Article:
It’s not often that you hear good news from the world of conservation, but environmentalists had cause to rejoice this May as the Cambodian government announced the creation of a brand new protected area: the Southern Cardamom National Park.
But what exactly does this mean for this forested region, an acknowledged biodiversity hotspot? Well, not much will change – but that’s exactly the point. The Cardamom Mountains have remained safe from industrial development, mining and logging up to this point only by the grace of organisations such as the Rainforest Trust, Wildlife Alliance, and their locally based partners. Their combined efforts have funded ranger patrols in the region and fended off a reported 36 attempts to convert the region into large-scale industrial plantations since 2004, ensuring the survival of the second-largest contiguous rainforest in Southeast Asia.
The new national park designation, which was announced on the 9th of May, will protect over one million acres of land from any such threats in the future. Importantly, it will also join together six existing national parks to create one vast, 4.5 million acre protected area – a critical wildlife corridor and one of the last remaining habitats for wild Asian elephants, Indochinese tigers, clouded leopards, Asiatic black bears, Malayan sun bears, humpback dolphins, Irrawaddy dolphins, Siamese crocodiles and many more.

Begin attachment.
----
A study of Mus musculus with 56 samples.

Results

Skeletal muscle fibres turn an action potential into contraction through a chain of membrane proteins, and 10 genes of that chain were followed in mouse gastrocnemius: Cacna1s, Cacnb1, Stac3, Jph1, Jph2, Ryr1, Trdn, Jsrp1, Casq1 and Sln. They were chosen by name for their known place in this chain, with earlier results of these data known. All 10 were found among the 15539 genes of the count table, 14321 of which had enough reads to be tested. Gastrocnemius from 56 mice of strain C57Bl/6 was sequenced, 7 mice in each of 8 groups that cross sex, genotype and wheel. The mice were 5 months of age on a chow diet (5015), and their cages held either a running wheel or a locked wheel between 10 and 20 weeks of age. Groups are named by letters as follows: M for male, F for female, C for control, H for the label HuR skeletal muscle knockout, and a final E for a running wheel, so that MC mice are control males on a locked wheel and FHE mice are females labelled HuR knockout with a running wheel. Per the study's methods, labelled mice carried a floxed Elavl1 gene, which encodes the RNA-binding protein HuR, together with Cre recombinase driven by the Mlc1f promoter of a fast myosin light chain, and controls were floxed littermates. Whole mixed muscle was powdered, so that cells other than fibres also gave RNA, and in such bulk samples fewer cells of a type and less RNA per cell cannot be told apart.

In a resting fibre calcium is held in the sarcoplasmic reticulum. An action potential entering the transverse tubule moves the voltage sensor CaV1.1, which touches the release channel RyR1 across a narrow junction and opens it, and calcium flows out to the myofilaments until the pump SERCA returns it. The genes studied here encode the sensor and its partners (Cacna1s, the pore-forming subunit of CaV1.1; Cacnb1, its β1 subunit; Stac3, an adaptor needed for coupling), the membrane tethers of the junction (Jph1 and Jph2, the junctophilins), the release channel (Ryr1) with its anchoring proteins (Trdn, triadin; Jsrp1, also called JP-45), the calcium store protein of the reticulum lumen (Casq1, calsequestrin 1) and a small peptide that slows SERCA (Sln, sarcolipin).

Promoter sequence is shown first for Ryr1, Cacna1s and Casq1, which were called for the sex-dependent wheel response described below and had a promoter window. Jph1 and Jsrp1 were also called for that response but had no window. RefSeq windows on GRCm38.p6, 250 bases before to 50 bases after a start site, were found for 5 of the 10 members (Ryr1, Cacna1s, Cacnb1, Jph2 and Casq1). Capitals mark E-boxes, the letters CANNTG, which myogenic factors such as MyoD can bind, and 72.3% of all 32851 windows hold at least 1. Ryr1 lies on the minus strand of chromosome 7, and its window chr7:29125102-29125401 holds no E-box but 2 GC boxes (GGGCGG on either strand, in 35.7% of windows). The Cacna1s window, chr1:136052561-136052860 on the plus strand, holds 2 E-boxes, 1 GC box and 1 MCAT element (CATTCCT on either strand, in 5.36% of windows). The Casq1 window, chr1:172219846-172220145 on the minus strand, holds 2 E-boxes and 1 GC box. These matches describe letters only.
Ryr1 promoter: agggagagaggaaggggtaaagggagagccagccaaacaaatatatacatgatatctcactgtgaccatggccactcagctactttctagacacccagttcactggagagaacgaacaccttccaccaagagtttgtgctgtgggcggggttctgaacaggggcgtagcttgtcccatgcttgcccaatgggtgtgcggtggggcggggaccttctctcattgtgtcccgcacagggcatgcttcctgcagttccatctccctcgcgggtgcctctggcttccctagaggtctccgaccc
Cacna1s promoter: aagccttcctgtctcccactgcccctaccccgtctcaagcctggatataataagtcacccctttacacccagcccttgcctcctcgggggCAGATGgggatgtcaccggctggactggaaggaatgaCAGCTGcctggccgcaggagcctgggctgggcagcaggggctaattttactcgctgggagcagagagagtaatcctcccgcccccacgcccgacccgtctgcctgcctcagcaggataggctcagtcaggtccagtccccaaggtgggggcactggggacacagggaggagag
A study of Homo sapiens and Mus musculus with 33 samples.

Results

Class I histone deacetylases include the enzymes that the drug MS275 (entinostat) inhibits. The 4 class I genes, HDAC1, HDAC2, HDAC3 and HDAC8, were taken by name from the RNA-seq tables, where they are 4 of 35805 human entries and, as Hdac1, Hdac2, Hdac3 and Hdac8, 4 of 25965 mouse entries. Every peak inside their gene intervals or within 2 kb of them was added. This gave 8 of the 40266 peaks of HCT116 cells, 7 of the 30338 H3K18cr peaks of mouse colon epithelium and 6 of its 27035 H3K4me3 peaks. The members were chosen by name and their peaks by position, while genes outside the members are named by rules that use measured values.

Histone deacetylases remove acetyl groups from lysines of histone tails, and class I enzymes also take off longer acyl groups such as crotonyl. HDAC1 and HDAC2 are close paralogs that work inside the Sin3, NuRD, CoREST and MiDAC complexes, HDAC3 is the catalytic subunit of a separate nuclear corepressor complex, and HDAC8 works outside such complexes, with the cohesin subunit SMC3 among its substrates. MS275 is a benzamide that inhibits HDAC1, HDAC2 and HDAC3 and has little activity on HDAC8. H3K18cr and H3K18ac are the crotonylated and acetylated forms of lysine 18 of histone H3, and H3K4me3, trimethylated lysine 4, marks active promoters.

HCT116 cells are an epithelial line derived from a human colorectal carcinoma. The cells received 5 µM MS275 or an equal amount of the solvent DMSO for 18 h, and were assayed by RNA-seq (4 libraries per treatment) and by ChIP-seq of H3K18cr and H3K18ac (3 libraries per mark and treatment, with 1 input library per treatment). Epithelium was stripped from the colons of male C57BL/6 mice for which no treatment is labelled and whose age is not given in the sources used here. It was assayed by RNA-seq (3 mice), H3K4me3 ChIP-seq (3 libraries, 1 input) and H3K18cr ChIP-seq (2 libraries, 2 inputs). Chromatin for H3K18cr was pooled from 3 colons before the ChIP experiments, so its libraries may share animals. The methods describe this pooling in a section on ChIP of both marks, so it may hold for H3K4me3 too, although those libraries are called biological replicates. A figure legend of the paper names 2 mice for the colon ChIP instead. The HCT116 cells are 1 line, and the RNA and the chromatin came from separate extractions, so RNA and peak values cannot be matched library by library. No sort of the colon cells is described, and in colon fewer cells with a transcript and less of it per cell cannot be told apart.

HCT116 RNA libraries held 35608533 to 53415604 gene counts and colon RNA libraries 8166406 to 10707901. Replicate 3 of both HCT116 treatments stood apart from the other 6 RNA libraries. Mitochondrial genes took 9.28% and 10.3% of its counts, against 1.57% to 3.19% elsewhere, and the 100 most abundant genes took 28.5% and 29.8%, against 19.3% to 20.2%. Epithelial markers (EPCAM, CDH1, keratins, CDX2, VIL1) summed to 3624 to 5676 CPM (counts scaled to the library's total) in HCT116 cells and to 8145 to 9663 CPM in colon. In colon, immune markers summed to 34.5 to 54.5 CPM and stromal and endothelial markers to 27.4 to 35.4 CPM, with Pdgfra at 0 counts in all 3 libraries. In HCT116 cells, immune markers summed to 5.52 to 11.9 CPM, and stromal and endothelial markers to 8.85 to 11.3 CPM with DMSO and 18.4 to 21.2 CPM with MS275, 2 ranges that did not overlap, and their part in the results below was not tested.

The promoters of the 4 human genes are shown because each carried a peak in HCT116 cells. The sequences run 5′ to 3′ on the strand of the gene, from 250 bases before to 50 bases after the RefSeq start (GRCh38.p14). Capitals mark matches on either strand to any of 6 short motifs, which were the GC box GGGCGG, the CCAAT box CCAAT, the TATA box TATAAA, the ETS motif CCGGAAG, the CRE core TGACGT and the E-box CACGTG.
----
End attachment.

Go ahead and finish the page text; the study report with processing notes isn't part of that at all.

In fact, it’s thought that the Cardamom Mountains are home to thousands upon thousands of as yet undiscovered species of flora and fauna – species that might have disappeared unheeded if planned regional development had been allowed to go ahead. 27 of the region’s known species are currently at risk of extinction already.
The remote Cardamom Mountains were one of the last refuges of the retreating Khmer Rouge regime in the second half of the twentieth century, and until the mid-1990s the region was a war-torn no-go area. The local people lost their livelihoods and resorted to poaching and slash-and-burn agriculture to survive. This, too, has been ameliorated by the Wildlife Allowance, which has worked alongside the Cambodian government to clear land mines and provide alternative means of income for local communities.
For the time being, tourism to the Cardamoms remains low – ignored by the hordes of tourists that flock to Siem Reap – but it’s unlikely this this beautiful and mysterious region will be hidden for long. Thankfully, its new protected status means any development is sure to be responsible, preserving the beauty of the national park for generations of visitors to come.
Read more about the new Southern Cardamom National Park from the Rainforest Trust and Wildlife Alliance. Head to Koh Kong on the ‘Grand Cambodia’ itinerary and ask our experts about trekking and wildlife experiences in the national park area.